Wrestling with decisions
School committees deal with drama
For fans of the drama that often accompanies the politics of public education, 2013 has been a bit of a push-back year for at least two local school committees.
The Mohawk School Committee, in response to public pressure and despite the protest of a number of officials, restored $80,000 to preserve its high school French and Peer Leadership programs, while their Greenfield counterparts voted 7-0 end the district’s Virtual Academy rather than adhere to a new state law governing those schools.
The difference between the two actions is that the Mohawk committee has stood firm, while the Greenfield board appears to be rethinking things and may very well have overturned its previous vote by the time you are reading this.
Either way, there are going to be questions for the Greenfield committee and school administration that will either continue to deal with angry virtual school parents or find a way to operate both a school district and a virtual school with a separate governing body, as mandated by this new state law, which is unlikely to change.
I look forward to hearing some of those answers in the coming weeks, as, I’m sure, will the people who will ultimately wind up footing the bill.
Just when we thought the commonwealth had thought of every conceivable way to stick its hands in our pockets comes word of a proposed law that would charge people based on the number of miles they drive on Massachusetts roads.
House Bill 3142 establishes a “pilot program” to assess owners of motor vehicles a user-fee based on the number of miles said vehicles travel on the state’s roads. The bill was filed on Jan. 18 — co-sponsored by 2nd Franklin State Rep. Denise Andrews — and is “intended to help address the need for the commonwealth to identify short- and long-term alternatives and supplements to the motor vehicle fuel tax,” that is going to become less and less of a revenue source as more energy-efficient cars are produced.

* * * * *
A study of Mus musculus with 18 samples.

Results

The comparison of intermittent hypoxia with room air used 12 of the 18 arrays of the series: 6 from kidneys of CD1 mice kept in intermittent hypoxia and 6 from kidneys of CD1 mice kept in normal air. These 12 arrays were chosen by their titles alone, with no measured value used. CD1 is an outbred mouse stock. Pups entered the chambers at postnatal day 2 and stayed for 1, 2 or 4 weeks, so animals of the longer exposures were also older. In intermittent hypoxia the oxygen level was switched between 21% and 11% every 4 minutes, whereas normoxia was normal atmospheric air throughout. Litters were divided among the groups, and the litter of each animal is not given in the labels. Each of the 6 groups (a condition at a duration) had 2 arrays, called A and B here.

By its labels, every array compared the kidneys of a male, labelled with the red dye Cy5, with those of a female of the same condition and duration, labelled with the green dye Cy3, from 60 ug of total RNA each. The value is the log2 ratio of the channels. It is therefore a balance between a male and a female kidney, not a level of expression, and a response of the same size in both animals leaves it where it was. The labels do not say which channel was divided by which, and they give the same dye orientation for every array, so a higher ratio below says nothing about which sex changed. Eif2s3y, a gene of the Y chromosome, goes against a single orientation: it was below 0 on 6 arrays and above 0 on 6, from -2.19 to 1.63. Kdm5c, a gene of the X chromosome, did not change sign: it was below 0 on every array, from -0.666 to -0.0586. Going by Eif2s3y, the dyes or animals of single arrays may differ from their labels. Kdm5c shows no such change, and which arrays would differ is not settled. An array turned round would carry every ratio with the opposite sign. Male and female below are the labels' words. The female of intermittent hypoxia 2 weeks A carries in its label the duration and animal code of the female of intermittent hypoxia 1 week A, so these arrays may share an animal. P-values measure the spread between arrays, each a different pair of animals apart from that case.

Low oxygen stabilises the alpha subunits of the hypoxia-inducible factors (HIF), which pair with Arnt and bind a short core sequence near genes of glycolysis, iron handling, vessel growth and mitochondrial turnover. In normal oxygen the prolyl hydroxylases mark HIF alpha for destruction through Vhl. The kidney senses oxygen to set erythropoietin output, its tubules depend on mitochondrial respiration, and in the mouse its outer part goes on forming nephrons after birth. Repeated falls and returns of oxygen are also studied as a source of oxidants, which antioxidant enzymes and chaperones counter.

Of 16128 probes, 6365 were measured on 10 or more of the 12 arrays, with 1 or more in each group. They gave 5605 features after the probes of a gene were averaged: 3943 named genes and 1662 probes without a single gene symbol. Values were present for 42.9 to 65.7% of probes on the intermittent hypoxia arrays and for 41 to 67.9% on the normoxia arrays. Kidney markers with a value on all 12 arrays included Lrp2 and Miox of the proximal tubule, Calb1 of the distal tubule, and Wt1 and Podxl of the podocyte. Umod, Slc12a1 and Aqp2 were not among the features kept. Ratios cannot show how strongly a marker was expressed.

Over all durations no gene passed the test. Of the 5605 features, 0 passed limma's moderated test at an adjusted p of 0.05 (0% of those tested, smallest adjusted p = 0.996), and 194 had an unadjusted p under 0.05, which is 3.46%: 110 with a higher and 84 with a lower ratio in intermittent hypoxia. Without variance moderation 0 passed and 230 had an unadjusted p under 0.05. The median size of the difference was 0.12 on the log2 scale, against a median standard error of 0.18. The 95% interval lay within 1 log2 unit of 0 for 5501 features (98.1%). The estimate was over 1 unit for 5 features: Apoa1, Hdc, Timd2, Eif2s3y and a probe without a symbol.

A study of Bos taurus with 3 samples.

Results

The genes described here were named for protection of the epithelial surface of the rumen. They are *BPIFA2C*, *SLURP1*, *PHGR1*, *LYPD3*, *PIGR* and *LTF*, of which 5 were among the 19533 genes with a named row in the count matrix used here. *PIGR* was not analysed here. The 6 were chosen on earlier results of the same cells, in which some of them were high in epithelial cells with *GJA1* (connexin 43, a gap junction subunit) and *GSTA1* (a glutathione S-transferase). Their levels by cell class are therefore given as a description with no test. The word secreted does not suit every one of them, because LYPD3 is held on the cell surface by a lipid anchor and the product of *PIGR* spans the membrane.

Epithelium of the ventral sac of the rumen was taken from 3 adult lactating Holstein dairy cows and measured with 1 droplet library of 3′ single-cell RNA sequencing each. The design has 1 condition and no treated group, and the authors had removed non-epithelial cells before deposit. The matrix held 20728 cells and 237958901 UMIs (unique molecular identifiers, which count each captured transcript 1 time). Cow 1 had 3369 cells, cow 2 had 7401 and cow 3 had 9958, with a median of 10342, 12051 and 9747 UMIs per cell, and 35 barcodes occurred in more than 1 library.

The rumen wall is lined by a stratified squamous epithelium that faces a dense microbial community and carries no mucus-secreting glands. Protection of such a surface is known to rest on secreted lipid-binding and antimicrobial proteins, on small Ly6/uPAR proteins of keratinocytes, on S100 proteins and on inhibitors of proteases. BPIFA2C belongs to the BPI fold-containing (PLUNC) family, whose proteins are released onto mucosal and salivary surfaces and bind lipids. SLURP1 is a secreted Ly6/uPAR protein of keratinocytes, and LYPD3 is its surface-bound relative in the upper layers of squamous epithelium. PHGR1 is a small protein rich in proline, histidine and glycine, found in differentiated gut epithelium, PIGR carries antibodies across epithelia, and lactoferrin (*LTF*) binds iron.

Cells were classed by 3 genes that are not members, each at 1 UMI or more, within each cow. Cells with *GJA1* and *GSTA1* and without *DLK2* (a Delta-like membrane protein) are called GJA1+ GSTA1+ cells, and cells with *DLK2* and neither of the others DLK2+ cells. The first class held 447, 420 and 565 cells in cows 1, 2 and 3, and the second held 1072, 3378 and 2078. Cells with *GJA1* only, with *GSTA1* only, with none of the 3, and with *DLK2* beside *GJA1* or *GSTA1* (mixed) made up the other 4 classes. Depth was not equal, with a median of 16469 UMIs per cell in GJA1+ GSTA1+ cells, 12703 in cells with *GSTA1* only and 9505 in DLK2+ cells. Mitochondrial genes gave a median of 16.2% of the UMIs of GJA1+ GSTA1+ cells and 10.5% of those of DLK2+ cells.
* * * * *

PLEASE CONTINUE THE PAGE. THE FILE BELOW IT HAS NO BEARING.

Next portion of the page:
This idea has been talked about for a while, but they chose to pull the trigger on it now, in the same year the governor has proposed a $2 billion tax increase to pay for new transportation and education programs. I’m not surprised that Andrews is the only member of the county’s delegation who has chosen to support the measure, because this is one which will hit this area hard just like the gas tax, because western Mass. residents do a disproportionate amount of driving compared to our eastern Mass. counterparts — that’s probably why most of its co-sponsors are from Middlesex County.
Speaking of the governor’s tax plan, there are a number of Beacon Hill lawmakers who like the idea of pumping more money into roads, bridges and classrooms, but aren’t wild about the price tag associated with it.
“There is still a lot of hesitation and concern,” Senate Majority Leader Stan Rosenberg said. “There was when he first proposed it, and there still is now.”
I would say legislators should be concerned, because while Patrick is out preparing for life after the Statehouse, they going to have to go back and defend this tax increase to constituents who are still struggling with the fallout from the Great Recession.
“Some people say we are out of the recession, some say we are still in it,” Rosenberg said. “But we are at least coming to the end of it, but it is still an uncomfortable economy, and there is enormous pressure to raise as little as we need to do what is absolutely necessary.”
Color me reactionary, but if you don’t know whether a recession is over or not, maybe pulling the trigger on the largest tax increase in state history isn’t the best idea.
In the family
There’s once again a McCarthy in the Greenfield Police Chief’s office — but only temporarily.
Provisional Chief Joe Burge is away, therefore putting the department in the hands of Lt. Detective, and now Acting Chief, Dan McCarthy, the oldest son of retired Greenfield Chief David McCarthy.
“Please don’t make a big deal out of this,” McCarthy said. “It’s only until April 1st.”
Jokes aside, McCarthy does deserve kudos for his and the department’s work with a number of other agencies in apprehending Richard May, who was arrested in Holyoke Wednesday night after allegedly committing three bank robberies in downtown Greenfield over the past month.
“A lot of guys worked on this, and, in the end, it was just good, old-fashioned street work by the guys in Holyoke which led to the arrest,” McCarthy said.
It was also a pretty good effort by a Greenfield department which isn’t exactly operating under optimal fiscal conditions, and aren’t likely to be any time soon.
Chris Collins is the Franklin County News Bureau Chief for WHAI, WPVQ and WHMP Radio. He is a former staff reporter for The Recorder, and is a Greenfield native.